Are we all getting too angry?

Maybe it's just me, but it seems that as I get older, the number of days when I get angry have increased significantly.

What am I so angry about? I know I have my health, my family, and a career I enjoy, yet I believe my anger comes from the way I handle the stress of all those things that are supposed to make me happy.

A few days ago, I reported on how anger and hostility may damage your lungs. This study, published in the medical journal Thorax, detailed the research done in 670 men between the ages of 45 to 86. Over an eight-year period, lung function was significantly poorer in individuals who had frequent episodes of anger and hostility.

What is it about anger that makes us sick? Well, the main culprit is stress. There is good and bad stress. Winning a million dollars in the lottery is good stress, but losing the ticket to claim your prize is bad stress.

Bad stress alters our immune system, which enables us to fight diseases. It also increases our blood pressure, which ultimately damages our heart and kidneys. Plus, it alters our hormones, interfering with our energy, weight, and psychological mood.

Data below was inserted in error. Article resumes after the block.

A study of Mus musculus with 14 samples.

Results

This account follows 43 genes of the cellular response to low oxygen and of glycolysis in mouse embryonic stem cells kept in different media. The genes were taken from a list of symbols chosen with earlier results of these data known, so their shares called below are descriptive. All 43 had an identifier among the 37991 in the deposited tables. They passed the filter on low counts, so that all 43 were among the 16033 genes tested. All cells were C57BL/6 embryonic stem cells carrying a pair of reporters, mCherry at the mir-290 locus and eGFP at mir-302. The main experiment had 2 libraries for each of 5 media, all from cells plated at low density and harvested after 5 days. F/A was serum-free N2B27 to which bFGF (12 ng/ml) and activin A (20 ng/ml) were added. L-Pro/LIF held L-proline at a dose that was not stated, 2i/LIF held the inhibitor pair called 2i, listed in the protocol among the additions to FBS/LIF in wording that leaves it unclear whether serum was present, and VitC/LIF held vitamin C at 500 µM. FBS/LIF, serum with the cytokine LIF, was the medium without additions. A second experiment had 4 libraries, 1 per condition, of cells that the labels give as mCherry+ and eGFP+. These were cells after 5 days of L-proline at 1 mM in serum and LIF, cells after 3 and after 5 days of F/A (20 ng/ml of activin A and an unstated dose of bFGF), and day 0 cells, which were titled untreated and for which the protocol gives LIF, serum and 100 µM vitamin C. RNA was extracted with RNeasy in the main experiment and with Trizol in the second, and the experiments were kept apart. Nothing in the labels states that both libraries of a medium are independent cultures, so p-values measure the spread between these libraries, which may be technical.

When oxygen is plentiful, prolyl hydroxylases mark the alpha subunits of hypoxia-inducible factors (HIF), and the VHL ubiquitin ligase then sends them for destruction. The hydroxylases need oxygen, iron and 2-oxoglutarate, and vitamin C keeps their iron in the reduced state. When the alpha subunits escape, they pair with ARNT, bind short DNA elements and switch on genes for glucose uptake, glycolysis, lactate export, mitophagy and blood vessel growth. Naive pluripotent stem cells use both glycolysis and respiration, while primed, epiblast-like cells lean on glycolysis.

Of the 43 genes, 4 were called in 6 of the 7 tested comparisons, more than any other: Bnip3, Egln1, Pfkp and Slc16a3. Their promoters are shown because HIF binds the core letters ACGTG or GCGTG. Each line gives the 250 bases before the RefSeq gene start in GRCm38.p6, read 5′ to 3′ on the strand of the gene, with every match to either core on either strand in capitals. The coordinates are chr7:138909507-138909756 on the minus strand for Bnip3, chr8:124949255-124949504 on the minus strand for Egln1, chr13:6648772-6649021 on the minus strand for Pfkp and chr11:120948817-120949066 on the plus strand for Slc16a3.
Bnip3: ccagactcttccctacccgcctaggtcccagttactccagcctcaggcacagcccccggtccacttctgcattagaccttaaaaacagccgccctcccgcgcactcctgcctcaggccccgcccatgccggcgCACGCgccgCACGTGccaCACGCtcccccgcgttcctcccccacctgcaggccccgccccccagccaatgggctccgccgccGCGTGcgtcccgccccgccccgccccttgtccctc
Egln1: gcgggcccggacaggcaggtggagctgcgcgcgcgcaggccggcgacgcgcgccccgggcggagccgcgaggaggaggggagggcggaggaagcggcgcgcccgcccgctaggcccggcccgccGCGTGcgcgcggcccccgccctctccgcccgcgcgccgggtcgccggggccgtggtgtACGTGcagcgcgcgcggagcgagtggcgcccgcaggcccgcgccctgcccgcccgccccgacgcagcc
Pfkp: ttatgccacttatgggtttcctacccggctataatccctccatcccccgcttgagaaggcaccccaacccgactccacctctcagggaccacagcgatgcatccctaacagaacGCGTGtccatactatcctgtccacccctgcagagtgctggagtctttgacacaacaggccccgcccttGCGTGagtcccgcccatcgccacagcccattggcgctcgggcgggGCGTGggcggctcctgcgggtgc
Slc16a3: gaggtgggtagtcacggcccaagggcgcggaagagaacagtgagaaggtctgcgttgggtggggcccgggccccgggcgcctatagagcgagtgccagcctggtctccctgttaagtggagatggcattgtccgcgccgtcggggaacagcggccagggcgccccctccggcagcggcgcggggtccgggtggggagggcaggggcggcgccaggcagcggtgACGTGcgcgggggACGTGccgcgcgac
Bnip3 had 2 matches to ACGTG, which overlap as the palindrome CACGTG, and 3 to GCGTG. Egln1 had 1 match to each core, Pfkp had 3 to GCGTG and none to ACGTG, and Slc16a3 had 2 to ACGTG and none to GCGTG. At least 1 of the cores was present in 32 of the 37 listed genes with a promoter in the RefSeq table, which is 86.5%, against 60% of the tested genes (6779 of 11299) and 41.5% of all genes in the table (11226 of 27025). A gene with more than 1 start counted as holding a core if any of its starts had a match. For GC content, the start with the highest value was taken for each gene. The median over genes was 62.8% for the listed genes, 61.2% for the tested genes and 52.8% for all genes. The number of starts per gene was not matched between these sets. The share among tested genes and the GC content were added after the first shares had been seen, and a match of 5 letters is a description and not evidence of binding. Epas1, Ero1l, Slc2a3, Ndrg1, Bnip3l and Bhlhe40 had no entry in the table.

One unique characteristic about negative stress is that it builds up. I'm sure you're heard the cliché, “I've had it up to here!” Well, that is negative stress. So, how do we deal with it? Here are some tips:

• Express yourself without hurting others. Anger has to do with you. The “I” factor becomes very important when expressing your feelings — “I am angry because…” However, once you have expressed your feelings, let it go.

• Exercise for anger release. You probably have seen running marathons to raise awareness for a variety of health issues, like cancer or muscular dystrophy. Well, do the same for your mental health. If you are building up negative stress in your mind, release it while practicing some physical activity.

• Find a private spot (at home or work) to clear your mind of negative thoughts. Take a time out for 10 minutes.

• Comedy works! When I am having one of these days, I put on my favorite movie, Monty Python's The Meaning of Life, and I laugh my stress away — at least for a while.

• Finally, remember that “forgive and forget” are not just words, they are words to live a longer and healthier life.